Union leader and environmentalist Jack Mundey dies, aged 90
Jack Mundey led the green ban movement which helped save many historic Sydney sites in the 1970s.
Australian union and environmental activist Jack Mundey has died at the age of 90.
The Builders Labourers Union leader and Australian Communist Party member passed away yesterday.
The tenacious activist led the green bans movement which helped save many historic Sydney sites in the 1970s.
"Jack was a visionary & an inspiration to all unionists & activists," CFMEU national secretary Dave Noonan tweeted on Monday.
Mr Mundy was born in Malanda in far north Queensland and moved to Sydney at the age of 19 to pursue a rugby league career. He had three seasons with Parramatta.
He joined the Communist Party of Australia in 1957 because it was the most militant group fighting for basic things like wages and conditions, he said in an interview for Australian Biography.
Later he called himself an ecological communist.
In 1968 he was elected secretary of the NSW BLF - three years before green bans had an unlikely start.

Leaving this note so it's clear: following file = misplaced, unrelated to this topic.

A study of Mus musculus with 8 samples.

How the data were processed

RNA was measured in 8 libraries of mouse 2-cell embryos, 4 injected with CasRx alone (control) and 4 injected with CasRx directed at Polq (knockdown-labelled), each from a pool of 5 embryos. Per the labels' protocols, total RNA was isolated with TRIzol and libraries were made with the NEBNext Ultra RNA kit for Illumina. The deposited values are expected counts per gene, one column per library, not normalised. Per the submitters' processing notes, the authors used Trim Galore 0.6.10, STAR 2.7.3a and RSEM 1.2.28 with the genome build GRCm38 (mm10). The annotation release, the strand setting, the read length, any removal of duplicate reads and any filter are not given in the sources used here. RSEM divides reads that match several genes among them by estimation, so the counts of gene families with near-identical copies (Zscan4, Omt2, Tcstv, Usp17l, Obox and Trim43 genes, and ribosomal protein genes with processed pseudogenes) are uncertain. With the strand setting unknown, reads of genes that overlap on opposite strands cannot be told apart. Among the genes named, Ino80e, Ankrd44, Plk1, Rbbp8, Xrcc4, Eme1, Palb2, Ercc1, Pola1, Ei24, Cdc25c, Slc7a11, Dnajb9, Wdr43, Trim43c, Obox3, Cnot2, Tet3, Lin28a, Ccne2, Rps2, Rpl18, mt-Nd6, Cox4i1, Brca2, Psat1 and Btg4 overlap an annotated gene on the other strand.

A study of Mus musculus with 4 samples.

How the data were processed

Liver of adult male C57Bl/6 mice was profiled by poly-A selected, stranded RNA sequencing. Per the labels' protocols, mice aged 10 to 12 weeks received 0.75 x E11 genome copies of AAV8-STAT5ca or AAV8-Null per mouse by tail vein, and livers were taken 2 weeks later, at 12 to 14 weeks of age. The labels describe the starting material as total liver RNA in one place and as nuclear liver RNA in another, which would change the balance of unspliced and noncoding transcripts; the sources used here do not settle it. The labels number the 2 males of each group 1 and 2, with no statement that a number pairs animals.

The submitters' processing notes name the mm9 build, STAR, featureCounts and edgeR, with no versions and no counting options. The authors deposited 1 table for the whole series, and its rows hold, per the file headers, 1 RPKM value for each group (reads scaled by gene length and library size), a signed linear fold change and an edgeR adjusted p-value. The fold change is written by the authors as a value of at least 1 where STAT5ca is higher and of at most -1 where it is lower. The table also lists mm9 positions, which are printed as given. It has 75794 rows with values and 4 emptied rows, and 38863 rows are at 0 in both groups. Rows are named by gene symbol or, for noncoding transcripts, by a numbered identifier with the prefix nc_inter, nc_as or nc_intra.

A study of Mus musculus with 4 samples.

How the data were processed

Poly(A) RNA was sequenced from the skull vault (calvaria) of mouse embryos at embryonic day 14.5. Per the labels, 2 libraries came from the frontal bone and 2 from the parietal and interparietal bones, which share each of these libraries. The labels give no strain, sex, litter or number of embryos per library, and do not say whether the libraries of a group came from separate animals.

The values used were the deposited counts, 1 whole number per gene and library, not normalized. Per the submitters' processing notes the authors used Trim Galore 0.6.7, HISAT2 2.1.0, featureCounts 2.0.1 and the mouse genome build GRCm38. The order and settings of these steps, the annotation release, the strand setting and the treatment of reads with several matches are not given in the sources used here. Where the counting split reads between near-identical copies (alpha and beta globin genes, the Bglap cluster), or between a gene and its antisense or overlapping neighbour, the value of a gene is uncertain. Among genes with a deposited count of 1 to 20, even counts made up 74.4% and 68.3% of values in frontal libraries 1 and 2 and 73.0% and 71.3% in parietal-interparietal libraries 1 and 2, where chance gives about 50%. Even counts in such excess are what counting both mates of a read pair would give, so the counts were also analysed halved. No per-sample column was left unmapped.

A group of middle-class women from affluent Hunters Hill went to the BLF in desperation after exhausting all conventional avenues in their bid to save Kelly's Bush, the last bushland in the area, from development.
Four hundred people turned up to a public meeting with the union.
So, a ban was slapped on A.V. Jennings, the developer.
When Jennings threatened to use non-union labour, the BLF countered with a threat to ban work on another big Jennings project.
Jennings gave way and Kelly's Bush was saved.
Mundey insisted the union would only act at the request of a community and soon the BLF was inundated with for help to stop the destruction of much of old Sydney and its green spaces.
By 1974, 42 green bans had been imposed, stopping more than $3 billion worth of development.
Mr Mundey was on Sydney City Council in the 1980s. He became a life member of the Australian Conservation Foundation after 20 years on its executive board and he was chair of the NSW Historic Houses Trust.
Two universities awarded him an honorary doctorate.
Mr Mundey was twice married, first to Stephanie Lennon, who died young.
They had a son Michael who was killed in a car accident aged 22.
He is survived by his second wife, Judy.